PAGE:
Those who tuned in to McGuireWoods’ data breach class action webinar last month know that attacking the plaintiff’s standing can be an effective defense strategy in these cases. Here’s our analysis of the most recent appellate decision on that issue.
Last Tuesday, the Second Circuit Court of Appeals affirmed the district court’s dismissal of a putative class action filed against a merchant in connection with a data breach of customer information, holding that the cardholder failed to allege sufficient injury to establish standing.
The decision adds yet another data point for practitioners feeling out the boundaries for when the exposure of personal information creates a legal right to sue.
In Whalen v. Michaels Stores, Inc., the plaintiff alleged that shortly after she made in-store purchases with her credit card, her card information was used in Ecuador in attempted purchases of a gym membership and concert tickets. She cancelled her card upon learning of those attempts, and did not allege those charges were ever approved.
In rejecting the plaintiff’s arguments in favor of standing, the Second Circuit emphasized that she failed to allege that she actually incurred or paid those charges, and also discounted her assertion that she faced risk of future identity fraud—noting that she had already cancelled her card, and failed to allege that her name, birth date, or social security number were among the information stolen.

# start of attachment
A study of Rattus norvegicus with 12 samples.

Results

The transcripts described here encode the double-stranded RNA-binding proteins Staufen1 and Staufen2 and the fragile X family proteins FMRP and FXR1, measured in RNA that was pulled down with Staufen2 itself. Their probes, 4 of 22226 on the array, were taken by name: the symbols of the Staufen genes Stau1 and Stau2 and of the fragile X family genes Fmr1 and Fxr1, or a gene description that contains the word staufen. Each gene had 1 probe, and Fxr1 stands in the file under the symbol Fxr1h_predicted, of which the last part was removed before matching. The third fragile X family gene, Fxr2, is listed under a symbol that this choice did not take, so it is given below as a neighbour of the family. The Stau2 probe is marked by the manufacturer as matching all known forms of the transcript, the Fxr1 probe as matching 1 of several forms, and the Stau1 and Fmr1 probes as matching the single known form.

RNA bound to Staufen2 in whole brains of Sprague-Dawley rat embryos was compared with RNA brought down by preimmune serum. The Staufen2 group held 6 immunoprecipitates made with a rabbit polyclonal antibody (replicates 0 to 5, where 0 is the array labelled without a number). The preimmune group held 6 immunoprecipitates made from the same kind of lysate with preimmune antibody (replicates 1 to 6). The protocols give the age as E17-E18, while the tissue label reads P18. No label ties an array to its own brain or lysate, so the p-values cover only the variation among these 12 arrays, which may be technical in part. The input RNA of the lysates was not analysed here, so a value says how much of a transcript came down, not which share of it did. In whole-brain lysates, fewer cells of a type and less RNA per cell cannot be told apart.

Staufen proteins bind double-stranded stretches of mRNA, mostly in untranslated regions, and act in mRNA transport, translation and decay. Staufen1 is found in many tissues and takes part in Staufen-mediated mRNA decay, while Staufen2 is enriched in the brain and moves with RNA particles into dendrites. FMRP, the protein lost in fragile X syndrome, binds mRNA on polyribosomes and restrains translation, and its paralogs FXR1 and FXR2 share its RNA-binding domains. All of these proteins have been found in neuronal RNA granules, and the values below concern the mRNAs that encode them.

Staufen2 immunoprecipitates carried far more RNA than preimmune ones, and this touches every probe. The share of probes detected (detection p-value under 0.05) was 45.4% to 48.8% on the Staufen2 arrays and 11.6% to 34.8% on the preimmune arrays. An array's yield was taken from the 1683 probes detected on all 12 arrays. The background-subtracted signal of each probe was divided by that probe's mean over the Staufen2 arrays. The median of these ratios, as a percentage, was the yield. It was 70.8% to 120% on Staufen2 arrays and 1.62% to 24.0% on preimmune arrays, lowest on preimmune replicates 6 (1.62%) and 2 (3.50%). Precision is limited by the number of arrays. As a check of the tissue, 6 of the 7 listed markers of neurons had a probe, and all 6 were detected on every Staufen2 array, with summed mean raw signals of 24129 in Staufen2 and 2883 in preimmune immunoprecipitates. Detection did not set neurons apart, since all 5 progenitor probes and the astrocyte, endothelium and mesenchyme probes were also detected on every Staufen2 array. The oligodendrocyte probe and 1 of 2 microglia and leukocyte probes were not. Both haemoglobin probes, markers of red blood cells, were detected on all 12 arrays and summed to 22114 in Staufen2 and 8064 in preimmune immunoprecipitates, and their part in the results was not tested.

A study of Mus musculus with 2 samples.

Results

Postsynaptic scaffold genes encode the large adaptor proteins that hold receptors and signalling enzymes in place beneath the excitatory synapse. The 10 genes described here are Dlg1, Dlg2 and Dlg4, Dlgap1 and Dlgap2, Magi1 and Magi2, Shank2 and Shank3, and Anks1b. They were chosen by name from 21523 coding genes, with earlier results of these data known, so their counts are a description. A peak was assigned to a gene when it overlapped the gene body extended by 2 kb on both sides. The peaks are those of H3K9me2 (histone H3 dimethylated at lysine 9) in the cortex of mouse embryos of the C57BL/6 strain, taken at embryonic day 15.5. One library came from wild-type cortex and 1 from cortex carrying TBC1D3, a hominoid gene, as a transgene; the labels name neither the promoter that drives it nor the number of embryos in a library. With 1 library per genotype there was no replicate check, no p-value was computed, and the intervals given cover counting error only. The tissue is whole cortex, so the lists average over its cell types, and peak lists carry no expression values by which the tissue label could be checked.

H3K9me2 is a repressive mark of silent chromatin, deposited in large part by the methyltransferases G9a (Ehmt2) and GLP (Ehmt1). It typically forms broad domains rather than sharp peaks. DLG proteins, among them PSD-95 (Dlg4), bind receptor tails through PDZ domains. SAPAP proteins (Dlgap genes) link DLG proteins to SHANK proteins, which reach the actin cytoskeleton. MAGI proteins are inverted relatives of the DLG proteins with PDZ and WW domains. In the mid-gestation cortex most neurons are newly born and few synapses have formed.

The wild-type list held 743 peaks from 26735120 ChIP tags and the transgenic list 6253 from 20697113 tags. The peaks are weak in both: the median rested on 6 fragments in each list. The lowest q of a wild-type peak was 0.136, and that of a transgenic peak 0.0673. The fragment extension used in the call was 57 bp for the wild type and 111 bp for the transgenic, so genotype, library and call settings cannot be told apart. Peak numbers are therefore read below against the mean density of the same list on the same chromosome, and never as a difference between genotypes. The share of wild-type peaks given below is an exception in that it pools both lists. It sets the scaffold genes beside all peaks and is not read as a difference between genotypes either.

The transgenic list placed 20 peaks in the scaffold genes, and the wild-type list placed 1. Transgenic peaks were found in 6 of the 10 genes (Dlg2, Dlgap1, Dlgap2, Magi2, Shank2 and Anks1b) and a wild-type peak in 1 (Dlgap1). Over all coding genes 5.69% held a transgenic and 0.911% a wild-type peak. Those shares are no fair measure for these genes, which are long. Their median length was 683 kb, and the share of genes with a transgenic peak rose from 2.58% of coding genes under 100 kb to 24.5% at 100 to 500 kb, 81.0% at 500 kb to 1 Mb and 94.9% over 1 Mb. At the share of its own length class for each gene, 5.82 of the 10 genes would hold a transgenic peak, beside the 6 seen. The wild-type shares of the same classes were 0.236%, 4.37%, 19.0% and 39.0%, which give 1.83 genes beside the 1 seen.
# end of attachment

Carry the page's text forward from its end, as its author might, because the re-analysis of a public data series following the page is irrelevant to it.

Notably, the court considered her allegation that she suffered damages “based on the opportunity cost and value of time” that she spent monitoring her account also insufficient to establish injury. In so holding, the court interpreted the “particularized” component of Article III’s “concrete and particularized injury” requirement to require the plaintiff to plead specifics about the time and effort expended.
The Second Circuit expressly distinguished prior decisions from the Seventh Circuit holding the victims of a data breach alleged sufficient injury to invoke Article III standing. On a closer review, however, it is not always easy to draw a clean line between the injuries alleged in Whalen and some of those deemed sufficient by the Seventh Circuit.
For example, in Remijas v. Neiman Marcus Group, LLC, the Seventh Circuit held the plaintiffs had sufficiently alleged injury based on an increased risk of future fraudulent charges and identity theft, notwithstanding that the data breach in that case also only involved the theft of card information and not personal information such as social security numbers or birth dates.
Similarly the court in Remijas deemed sufficient allegations that the plaintiffs lost time and money protecting themselves against future identify theft—allegations not dissimilar from those rejected in Whalen.
Although we are yet to arrive at a unified theory of standing in data breach cases, Whalen does provide a helpful piece of line-drawing, illustrating that a plaintiff who does not incur fraudulent charges—and cancels her card before any fraudulent charges are incurred—may have trouble convincing a court that she has suffered sufficient injury from a data breach to confer standing.